We’ve got quite a history with this date

Adam Chandler
July 01, 2013
Robert Fogel.(Post-Gazette)
Robert Fogel.(Post-Gazette)

The first of July gives us plenty to kvetch about. It’s probably either very hot or very cold where you’re living (there are probably icicles in San Francisco). Or if you’re in New York, it’s flash-flooding. Perhaps, you’ve got to ride out the long week until the 4th of July or, even worse, there’s no 4th of July at the end of the rainbow. Despite this, July 1–historically speaking–does yield some things to be happy about.

It’s the late actor/director Sydney Pollack’s birthday, whose films adorn our 100 Greatest Jewish Films list . We can also cover up the increasingly marginal blemish of anti-Semite David Duke by celebrating Estée Lauder, both born on this day. Plus, it’s Canada Day in Canada (and parts of Brooklyn no doubt) and it’s moving day in Quebec.

But more remarkably, July 1 is also the day on which four Jewish Nobel laureates were born (five, if you count Fred Schneider of the B-52s, who was awarded an unofficial Nobel Prize for the 1980s). Alfred Goodman Gilman shared the Nobel Prize in Physiology or Medicine for discoveries in the field of G-proteins in 1994 and Gerald Edelman shared his in the same category in 1972 for his work on the immune system. Myron Samuel Scholes won the Nobel Memorial Prize in Economic Sciences in 1997 for his work on derivatives. Also scoring Nobel Memorial Prize in Economic Sciences was Robert Fogel, who won in 1993 and passed away last year.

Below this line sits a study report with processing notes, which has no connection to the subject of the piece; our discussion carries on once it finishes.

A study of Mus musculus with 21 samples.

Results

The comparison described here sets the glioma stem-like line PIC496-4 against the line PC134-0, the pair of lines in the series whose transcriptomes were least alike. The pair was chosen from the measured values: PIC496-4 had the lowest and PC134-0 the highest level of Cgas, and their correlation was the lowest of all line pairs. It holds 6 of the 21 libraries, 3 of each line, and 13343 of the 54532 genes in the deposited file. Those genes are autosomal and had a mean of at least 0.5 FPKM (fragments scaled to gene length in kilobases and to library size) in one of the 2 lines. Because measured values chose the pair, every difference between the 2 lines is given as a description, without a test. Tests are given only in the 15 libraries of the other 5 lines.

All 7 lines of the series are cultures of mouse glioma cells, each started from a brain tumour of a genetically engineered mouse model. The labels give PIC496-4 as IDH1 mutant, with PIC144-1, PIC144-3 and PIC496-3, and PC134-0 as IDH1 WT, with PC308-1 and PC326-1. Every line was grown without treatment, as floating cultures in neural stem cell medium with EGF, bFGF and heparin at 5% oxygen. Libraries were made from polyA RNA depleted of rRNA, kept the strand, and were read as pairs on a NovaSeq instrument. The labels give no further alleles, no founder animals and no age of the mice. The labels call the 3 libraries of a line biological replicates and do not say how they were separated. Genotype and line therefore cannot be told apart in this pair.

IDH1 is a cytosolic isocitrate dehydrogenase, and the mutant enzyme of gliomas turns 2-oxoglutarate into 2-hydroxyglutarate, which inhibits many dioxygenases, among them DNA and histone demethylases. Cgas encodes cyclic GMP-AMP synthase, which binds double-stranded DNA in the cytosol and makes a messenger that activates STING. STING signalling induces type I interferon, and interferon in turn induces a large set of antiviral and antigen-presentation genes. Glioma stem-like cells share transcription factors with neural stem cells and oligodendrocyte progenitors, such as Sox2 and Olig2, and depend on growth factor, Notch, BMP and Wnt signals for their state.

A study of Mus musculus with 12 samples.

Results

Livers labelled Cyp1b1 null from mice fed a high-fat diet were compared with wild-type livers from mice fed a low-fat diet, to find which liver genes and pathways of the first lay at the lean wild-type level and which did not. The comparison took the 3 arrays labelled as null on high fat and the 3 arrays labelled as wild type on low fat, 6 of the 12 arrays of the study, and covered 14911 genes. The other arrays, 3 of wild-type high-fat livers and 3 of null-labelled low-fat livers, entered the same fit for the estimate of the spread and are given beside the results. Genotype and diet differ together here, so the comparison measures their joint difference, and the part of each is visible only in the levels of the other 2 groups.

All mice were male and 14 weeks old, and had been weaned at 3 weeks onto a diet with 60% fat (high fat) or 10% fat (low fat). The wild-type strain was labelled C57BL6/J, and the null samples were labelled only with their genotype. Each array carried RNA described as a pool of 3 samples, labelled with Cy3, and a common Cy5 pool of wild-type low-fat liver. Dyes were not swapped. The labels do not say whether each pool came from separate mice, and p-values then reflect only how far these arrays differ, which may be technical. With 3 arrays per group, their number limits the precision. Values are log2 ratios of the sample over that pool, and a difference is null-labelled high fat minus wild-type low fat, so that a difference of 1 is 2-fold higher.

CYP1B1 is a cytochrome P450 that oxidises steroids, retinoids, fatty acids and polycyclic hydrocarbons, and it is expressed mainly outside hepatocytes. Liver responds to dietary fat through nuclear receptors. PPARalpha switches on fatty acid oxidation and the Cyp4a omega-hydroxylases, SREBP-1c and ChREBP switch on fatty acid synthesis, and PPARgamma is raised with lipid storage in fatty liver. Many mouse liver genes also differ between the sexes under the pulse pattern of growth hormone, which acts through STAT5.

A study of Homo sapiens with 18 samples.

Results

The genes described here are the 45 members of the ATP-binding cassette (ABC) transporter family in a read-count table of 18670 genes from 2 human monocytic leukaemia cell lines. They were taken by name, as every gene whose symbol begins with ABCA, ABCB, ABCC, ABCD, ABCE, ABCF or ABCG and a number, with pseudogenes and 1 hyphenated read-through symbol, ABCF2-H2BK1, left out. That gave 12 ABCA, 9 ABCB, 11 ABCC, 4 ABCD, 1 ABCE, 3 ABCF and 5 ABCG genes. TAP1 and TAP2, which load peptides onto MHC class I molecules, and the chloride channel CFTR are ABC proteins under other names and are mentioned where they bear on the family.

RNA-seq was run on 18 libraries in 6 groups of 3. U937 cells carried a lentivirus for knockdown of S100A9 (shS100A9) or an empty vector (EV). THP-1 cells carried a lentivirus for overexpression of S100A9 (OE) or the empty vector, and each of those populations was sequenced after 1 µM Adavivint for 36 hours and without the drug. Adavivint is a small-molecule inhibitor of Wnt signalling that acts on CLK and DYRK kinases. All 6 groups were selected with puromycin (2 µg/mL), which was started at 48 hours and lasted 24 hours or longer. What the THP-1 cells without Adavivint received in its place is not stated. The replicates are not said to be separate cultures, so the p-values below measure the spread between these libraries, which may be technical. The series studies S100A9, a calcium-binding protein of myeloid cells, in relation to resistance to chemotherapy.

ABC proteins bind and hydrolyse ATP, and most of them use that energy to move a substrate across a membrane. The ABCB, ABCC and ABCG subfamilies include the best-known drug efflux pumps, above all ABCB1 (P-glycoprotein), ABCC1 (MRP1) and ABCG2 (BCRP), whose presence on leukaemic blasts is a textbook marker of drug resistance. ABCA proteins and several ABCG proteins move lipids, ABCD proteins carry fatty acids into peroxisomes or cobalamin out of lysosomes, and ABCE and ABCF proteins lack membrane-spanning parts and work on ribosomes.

So if you’re feeling the summertime blues, just remember, the Jewish progeny of July 1 have given you, health, wealth, beauty, iconically terrible music, and some great films.

Adam Chandler was previously a staff writer at Tablet. His work has appeared in the New York Times, the Wall Street Journal, the Atlantic, Slate, Esquire, New York, and elsewhere. He tweets @allmychandler.